The city on Wednesday added just under two miles of open streets and nearly a full mile of temporary bike paths in Queens to its roster of temporary open space.
The streets were part of 12 more miles of open roads and nine miles of temporary bike lanes announced by Mayor de Blasio and Department of Transportation Commissioner Polly Trottenberg.
The aim is to set up areas for bikers and pedestrians to gather that are free from most motor vehicles while allowing for social distancing. The hours are generally from 8 a.m. to 8 p.m.
The aim is to eventually have between 40 and 100 miles available through the duration of COVID-19-related city and shutdowns.
“Now that warmer weather has arrived, New Yorkers will need more options to enjoy the outdoors at a safe, social distance,” said Mayor de Blasio. “We’re grateful to all our local partners, and we believe new bike lanes will lay the groundwork for a cycling surge in the months and years to come.”
The 1.95 miles of new open street segments in Queens include:
• 0.89 miles of 34th Avenue between 78th Street and Junction Boulevard in Jackson Heights;
• 0.19 miles of Skillman Avenue from 39th Place and 43rd Street in Sunnyside;
• 0.43 miles of 39th Avenue between Woodside and Barnett avenues in Sunnyside;
• 0.28 miles of 5th Street between 46th and 49th avenues in Long Island City;
• 0.16 miles on 27th Street from Hunter Street to Queens Plaza South in Long Island City;
• 0.09 miles on Roosevelt Avenue between 155th Street and Northern Boulevard on Flushing; and
• 0.1 mile of Peck Avenue between 137th and Main Streets in Flushing.
All the streets will be enforced and by managed by local NYPD precincts.
A temporary bile path of 0.98 miles will be dedicated in Astoria between Queens Plaza North and Hoyt Avenue North.
As with all the bike lanes, the city will use signs, barrels and other temporary measures to block them off.
“As we continue our efforts to stop the spread of COVID-19, we are also working to help New Yorkers travel more safely by bringing new temporary bike lanes and open streets to more neighborhoods ...” Trottenberg said.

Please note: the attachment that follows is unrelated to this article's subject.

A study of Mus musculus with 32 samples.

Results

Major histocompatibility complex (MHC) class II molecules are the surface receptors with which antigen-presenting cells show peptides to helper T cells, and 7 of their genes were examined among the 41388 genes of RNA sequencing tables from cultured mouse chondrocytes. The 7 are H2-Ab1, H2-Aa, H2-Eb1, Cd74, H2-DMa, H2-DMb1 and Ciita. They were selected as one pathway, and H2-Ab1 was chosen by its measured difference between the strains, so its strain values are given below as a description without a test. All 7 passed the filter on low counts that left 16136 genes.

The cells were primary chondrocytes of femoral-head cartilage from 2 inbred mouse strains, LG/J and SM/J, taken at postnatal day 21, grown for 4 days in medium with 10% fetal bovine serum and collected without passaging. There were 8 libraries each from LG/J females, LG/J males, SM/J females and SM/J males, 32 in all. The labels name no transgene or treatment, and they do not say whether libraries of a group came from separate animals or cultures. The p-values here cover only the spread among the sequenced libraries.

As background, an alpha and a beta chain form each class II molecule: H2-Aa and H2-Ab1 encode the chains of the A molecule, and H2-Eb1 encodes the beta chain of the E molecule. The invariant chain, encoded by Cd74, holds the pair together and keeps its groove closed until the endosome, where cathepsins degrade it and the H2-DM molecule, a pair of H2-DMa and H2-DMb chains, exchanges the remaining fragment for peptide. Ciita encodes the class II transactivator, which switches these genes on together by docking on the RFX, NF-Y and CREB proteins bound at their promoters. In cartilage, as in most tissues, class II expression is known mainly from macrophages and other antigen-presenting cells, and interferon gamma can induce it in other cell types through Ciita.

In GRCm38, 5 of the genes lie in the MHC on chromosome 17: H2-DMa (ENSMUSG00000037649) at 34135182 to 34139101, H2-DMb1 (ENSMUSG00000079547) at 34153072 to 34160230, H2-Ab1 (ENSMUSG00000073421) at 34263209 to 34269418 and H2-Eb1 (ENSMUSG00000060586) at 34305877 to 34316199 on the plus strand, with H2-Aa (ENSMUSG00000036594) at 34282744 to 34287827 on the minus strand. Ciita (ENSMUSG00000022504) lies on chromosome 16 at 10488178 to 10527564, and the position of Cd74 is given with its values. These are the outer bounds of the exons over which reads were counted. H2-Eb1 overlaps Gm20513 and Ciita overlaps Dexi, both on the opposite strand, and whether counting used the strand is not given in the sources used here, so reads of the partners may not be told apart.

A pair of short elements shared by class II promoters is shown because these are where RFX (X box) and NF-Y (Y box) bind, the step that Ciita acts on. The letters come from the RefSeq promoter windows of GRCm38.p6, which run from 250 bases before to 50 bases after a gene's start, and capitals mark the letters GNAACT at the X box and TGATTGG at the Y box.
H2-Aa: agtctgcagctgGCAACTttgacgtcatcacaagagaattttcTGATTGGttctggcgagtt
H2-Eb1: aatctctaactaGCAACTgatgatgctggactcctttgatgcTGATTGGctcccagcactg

City Council members in the designated areas were onboard in the mayor’s announcement.
“These temporary open streets are a great opportunity to provide additional open space for pedestrians and bicyclists so they can maintain social distance while enjoying the outdoors,” said Councilman Peter Koo (D-Flushing).
Councilman Paul Vallone (D-Bayside) said the selections were very well-timed.
“With warmer weather on the horizon, more of our New Yorkers will be bound for recreation in our parks and green spaces,” he said.
Councilman Jimmy Van Bramer (D-Sunnyside) said the policy literally is a matter of life and death in the time of COVID-19.
“Creating more open spaces and closing these streets for pedestrians enables a healthy environment for people to get exercise while also keeping their distance from others,” he said. “I am pleased to see so many sites chosen in the district. I am also thrilled with the Mayor’s announcement of a protected bike lane on Crescent Street, which I believe will save lives and go a long way towards making our environment more sustainable by creating more transportation options.”
Cristina Furlong, founder of Make Queens Safer, also was pleased.
“This is a proactive step not only to protect pedestrians, but also to prioritize healthy choices,” she said. “When our kids inevitable remember this time, they will be able to remember this remarkable transformation which for many, will be their first trips out of their homes in more than two months.”